Heart Surgery Basics

Of all the human organs, the heart probably works the hardest of all. It pumps blood to all parts of the body continuously, night and day, year after year. It can arguably claim to see the most wear and tear over a person’s lifetime. Surgery to repair damaged hearts, therefore, has become a very common procedure.

Basic Heart Procedures

Some forms of heart surgery are barely even surgery at all. Angioplasty, for example, is the insertion of a long tube into a constricted blood vessel of the heart where a tiny balloon is inflated to open it up and get the blood flowing again. Usually, no tissue is cut in this procedure. By and large, however, heart surgery entails entering a patient’s body through an incision in order to operate on a heart problem.

Different Operations

There are many different kinds of heart surgery procedures, depending on the nature of the operation and the doctor’s preferences. Hypothermia is the creation of a still work environment for the doctor, and means the heart is “turned off” and drained of blood. In order to keep blood flowing artificial methods are used. This type of operation is known as a cardiopulmonary bypass. Many times people are born with malformed hearts. These are known as congenital birth defects, and when cardiologists (doctors who specialize in the heart) realize that the patient has a heart defect, they will perform heart surgery in order to correct it.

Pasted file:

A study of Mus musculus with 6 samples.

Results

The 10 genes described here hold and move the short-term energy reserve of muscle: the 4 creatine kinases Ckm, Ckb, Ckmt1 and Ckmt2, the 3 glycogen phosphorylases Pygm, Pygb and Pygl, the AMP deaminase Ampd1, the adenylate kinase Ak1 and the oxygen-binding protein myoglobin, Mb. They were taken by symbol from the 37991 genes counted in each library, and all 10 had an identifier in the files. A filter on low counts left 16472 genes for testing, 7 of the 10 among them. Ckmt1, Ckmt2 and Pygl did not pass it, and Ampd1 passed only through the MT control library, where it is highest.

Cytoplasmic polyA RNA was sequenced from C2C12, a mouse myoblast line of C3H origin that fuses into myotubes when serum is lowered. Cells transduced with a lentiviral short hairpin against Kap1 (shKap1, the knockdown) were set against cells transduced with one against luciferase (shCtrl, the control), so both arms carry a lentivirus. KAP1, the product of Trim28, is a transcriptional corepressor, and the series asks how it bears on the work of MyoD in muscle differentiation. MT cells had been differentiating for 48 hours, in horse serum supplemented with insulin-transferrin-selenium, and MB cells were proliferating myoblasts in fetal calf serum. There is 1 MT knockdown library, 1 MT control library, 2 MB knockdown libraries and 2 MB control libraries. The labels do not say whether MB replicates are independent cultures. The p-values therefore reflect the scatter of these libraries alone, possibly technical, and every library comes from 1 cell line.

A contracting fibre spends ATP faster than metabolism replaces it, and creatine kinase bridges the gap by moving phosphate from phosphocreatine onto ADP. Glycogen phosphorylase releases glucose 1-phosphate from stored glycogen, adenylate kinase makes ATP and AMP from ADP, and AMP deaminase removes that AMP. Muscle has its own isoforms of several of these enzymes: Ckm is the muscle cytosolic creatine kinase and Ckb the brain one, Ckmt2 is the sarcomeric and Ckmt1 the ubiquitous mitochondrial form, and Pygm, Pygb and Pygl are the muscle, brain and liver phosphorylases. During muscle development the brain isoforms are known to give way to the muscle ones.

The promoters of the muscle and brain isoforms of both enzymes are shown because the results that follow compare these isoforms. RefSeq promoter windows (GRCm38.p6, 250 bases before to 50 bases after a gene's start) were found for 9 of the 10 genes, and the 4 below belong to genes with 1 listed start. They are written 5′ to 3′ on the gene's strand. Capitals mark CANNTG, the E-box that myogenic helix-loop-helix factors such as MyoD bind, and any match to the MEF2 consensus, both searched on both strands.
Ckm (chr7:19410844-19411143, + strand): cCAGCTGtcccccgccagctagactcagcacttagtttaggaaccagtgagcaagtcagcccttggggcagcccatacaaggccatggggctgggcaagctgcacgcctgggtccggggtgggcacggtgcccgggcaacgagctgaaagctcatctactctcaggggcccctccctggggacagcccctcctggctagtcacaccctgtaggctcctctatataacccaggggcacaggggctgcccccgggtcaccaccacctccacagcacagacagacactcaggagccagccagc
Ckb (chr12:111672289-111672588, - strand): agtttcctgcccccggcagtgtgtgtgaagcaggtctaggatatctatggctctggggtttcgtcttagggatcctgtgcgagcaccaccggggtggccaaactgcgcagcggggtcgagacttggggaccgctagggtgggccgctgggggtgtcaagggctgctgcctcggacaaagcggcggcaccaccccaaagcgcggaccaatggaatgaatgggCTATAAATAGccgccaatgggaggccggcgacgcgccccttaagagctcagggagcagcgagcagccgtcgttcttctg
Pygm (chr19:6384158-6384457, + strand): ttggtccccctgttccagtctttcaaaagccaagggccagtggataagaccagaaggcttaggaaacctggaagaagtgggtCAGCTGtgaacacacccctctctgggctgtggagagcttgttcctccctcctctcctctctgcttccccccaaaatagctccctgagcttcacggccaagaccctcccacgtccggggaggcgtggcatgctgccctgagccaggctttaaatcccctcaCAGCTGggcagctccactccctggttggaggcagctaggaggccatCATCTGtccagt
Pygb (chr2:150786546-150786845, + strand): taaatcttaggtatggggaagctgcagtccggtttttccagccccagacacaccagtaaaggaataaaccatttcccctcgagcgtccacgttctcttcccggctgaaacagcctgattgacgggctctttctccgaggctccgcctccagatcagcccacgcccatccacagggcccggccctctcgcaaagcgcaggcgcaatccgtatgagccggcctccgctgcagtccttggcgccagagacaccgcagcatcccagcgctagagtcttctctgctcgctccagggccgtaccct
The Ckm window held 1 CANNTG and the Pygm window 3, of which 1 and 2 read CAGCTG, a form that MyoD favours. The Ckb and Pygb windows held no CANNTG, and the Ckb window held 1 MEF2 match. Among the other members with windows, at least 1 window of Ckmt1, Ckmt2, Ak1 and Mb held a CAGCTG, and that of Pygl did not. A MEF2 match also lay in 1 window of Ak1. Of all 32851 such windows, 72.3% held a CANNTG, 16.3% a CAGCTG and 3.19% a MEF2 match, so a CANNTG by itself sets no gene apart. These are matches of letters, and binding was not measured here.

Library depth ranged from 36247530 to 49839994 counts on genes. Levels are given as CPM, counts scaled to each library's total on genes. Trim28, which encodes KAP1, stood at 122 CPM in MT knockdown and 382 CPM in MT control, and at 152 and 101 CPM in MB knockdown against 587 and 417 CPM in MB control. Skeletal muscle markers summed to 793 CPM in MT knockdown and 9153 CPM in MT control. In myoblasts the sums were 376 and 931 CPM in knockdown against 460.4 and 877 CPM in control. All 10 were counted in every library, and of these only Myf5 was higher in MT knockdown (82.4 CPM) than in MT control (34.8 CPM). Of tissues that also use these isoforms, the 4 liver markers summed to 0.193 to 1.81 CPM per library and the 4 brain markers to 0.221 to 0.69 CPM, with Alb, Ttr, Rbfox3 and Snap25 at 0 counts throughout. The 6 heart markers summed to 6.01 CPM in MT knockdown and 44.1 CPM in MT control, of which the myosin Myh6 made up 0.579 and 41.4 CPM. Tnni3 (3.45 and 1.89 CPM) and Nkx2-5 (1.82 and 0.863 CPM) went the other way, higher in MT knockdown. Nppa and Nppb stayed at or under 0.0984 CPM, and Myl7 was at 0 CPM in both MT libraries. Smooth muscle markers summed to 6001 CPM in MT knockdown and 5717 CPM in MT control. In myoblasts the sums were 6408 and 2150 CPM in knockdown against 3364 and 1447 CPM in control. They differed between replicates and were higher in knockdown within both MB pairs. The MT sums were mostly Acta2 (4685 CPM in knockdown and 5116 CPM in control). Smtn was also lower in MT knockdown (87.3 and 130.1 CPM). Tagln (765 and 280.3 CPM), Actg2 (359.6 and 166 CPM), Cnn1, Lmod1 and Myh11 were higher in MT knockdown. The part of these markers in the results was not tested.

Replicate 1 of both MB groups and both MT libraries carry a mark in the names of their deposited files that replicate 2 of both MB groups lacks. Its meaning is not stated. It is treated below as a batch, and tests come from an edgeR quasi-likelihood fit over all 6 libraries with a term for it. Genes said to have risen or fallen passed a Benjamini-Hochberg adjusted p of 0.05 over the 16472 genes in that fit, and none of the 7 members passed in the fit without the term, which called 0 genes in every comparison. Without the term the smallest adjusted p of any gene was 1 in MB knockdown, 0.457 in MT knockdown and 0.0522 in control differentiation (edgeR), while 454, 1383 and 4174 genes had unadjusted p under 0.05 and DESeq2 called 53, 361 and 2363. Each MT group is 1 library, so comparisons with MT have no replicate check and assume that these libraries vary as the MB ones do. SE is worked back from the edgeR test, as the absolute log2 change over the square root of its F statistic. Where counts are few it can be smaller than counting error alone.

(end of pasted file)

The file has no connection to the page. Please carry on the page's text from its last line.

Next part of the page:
Recovery Process

Recovery from heart surgery – especially open-heart surgery, which is the opening of a patient’s rib cage in order to allow for access to the heart – is often lengthy and difficult. For example, the incision made on a patient’s body has to be large enough for a doctor to put his or her hands inside. People recovering from heart surgery often need several weeks if not months to get back to normal.

Given how difficult it is to get inside a person’s body in order to repair a heart, almost all procedures related to heart surgery are shockingly expensive. Most health insurance policies will cover most heart surgery procedures, but anyone facing heart problems needs to make sure that this is the case. Health insurance agents may consider the heart surgery you’re needing to be experimental in nature, and not cover it.